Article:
UPDATED September 18, 2023

BY Henry Gold

IN Company


UPDATED September 18, 2023

BY Henry Gold

IN Company


Am I Too Old To Cycle The World With TDA Global Cycling?


We don’t stop playing because we grow old. We grow old because we stop playing.”–  George Bernard Shaw

How old is too old to go on an extended bike tour? A few months ago, our newsletter and blog editor Michael asked me to write a piece on the subject, ‘Am I Too Old To Cycle The World With TDA Global Cycling?’ Being of a certain age myself and having just come back from a tour of Japan where I spent quite a bit of time huffing and puffing on hilly, or should I say mountainous roads, I can safely say I certainly didn’t feel like writing about this topic.

So how old is too old? Is 70 too old? 75? 80?

But today, as I was going through the TDA inbox, I read the following comment on a blog I wrote years ago: “Hi Loris., just seen your reply to my blog of 2020. Did you get round to crossing the Nullarbor? Now in 2023 and at the age of 85 I am thinking of doing it again after reading about a New Zealand couple, in their 80s, who did it recently plus other mammoth rides elsewhere in Australia. If I do go, I will be much better prepared this time, first time around my preparation was unbelievably naive.” I do not personally know the author of the comment to my blog as he wasn’t a participant on any of the Trans-Oceania tours which we have organized since 2014 but writing that he will be 85 and plans to do the Nullarbor again certainly got my attention.

Michael, who also responds to inquiries regarding our tours, tells me that one of the most common questions he gets from interested participants is, ‘Am I too old’? So how old is too old? Is 70 too old? 75? 80? How can we answer this question when modernity is allowing older and older people to do things that a generation ago would not even have been considered possible?

In the olden days, particularly in rural communities, there was always an individual or two who, in spite of being ‘old’, were still working hard and were able to do physical things that were often given up by people a couple of decades younger. But these individuals were doing it in the area where they lived and were very familiar with their surroundings and the challenges facing them. They were certainly not cycling across continents in foreign countries. Perhaps the best way to answer this is to look at the question from the perspective of a subject of many articles – that is, what is one’s real age vs biological age, also called physiological age.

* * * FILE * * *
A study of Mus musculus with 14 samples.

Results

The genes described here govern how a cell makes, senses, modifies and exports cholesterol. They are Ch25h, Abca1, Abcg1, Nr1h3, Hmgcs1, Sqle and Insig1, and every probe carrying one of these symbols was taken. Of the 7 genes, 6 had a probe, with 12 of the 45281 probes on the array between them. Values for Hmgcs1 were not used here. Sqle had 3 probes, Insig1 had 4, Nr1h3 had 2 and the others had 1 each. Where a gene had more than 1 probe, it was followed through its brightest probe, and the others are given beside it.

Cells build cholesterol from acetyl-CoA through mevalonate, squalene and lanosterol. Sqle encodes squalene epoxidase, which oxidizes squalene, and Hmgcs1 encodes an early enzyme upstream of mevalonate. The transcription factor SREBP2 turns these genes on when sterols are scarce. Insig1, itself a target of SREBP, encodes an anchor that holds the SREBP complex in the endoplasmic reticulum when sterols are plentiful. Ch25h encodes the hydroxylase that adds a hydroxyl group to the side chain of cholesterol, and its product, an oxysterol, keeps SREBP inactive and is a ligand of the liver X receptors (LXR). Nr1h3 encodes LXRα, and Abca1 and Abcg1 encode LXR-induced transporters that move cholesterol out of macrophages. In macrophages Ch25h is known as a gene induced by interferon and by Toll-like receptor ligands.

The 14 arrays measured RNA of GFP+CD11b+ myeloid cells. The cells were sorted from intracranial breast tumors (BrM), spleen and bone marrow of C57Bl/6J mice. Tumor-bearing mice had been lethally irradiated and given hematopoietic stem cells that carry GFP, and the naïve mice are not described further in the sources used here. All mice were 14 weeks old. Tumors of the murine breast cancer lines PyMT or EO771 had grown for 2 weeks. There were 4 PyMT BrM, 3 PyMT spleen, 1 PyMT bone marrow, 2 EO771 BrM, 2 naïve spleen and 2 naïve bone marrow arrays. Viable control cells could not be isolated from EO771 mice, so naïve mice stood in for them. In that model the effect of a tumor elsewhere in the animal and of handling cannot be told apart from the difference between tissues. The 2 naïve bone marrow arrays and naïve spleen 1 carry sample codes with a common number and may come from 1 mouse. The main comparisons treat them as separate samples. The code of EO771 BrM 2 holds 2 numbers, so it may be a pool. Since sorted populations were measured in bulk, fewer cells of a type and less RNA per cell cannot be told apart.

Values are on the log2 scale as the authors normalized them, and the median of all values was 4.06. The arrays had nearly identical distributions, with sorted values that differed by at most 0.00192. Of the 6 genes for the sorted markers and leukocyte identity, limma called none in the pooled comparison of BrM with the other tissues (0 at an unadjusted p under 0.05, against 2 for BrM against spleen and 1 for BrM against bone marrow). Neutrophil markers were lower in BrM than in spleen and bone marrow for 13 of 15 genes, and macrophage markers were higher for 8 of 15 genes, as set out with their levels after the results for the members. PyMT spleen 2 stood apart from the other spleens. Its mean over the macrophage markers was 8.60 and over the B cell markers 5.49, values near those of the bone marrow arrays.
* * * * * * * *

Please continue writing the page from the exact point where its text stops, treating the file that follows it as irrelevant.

We all know our chronological age but what exactly is our biological age? Looking around, we all realize that aging varies from individual to individual. Many factors such as genetics, diet, stress, smoking, alcohol consumption, the environment in which you live, and other aspects of life all influence the aging process. If you are one of those lucky ones that has won the lottery of life and inherited the right DNA, or as friend of mine likes to say, you picked the right parents, if you followed a healthy diet, didn’t like smoking and alcohol, lived a non stressful life or were not a worrier, then your biological age at 75 could certainly be like that of a 62 year old. You may even be able to do tours like the Trans-Oceania, Trans-Caucasus or the North American Epic.

If you have doubts about your biological age, you can even have yourself tested. There are now a myriad of such tests, though the quality or accuracy probably varies from one to another. Interestingly enough, one research study I discovered on the internet even found that your biological age can also predict age related diseases including dementia though I guess that none of them actually test for cognitive deterioration. The study caught my eye as our company encourages people of all ages, including older individuals, to take on new challenges – with all the benefits that such activities accrue.

However, what if the potential rider has cognitive issues and they are either not recognizing them, ignoring them or think they are not severe enough to stop them doing what they like. Even Dr Steve Horvath, a UCLA professor who pioneered the first ‘epigenic clock’ to indicate human aging by examining chemical changes to DNA and created what is considered the gold standard test for biological age, is quoted in an article in the Guardian on June 13, 2022, saying that consumers (i.e. people who take the test) should, “think of it [the test] more as entertainment.

So how old is too old to cross a continent on a bike or to cycle the Trans-Caucasus, the Bamboo Road or the Ruta Maya? At the end of the day, it comes down to the difficulty of the tour you wish to cycle on, your discussion regarding the tour with TDA, what your doctor and family say and perhaps most importantly, how honest you are with yourself.


7 Comments for "Am I Too Old To Cycle The World With TDA Global Cycling?"

Would be interesting if TDA provided a breakout of participating cyclists by age group, even if it’s only by percentage.

And most importantly, it’s a state of mind!

A thought provoking read Henry.
I remember being on my first tour where the oldest rider was 63 who I respected because of his “great age”, now I’m past that post and I realise he was just a youngster.

Never too old.

I turned 69 on the Tour d’Afrique. I was the oldest rider that year. I didn’t ride every mile (no EFI on that trip) but it was a hi light of my life. Go for it if you are thinking about it. Don’t wait until it truly is too late.

    What is EFI, if you don’t mind my asking? Trying to figure out what happens if you can’t ride every mile.

      Hi Deb, EFI stands for every f***ing inch. While we encourage riders to cycle every day, we also want to prioritize their health and make sure they enjoy their experience. If riders are sick/tired/injured our support vehicles are on hand to give them a lift.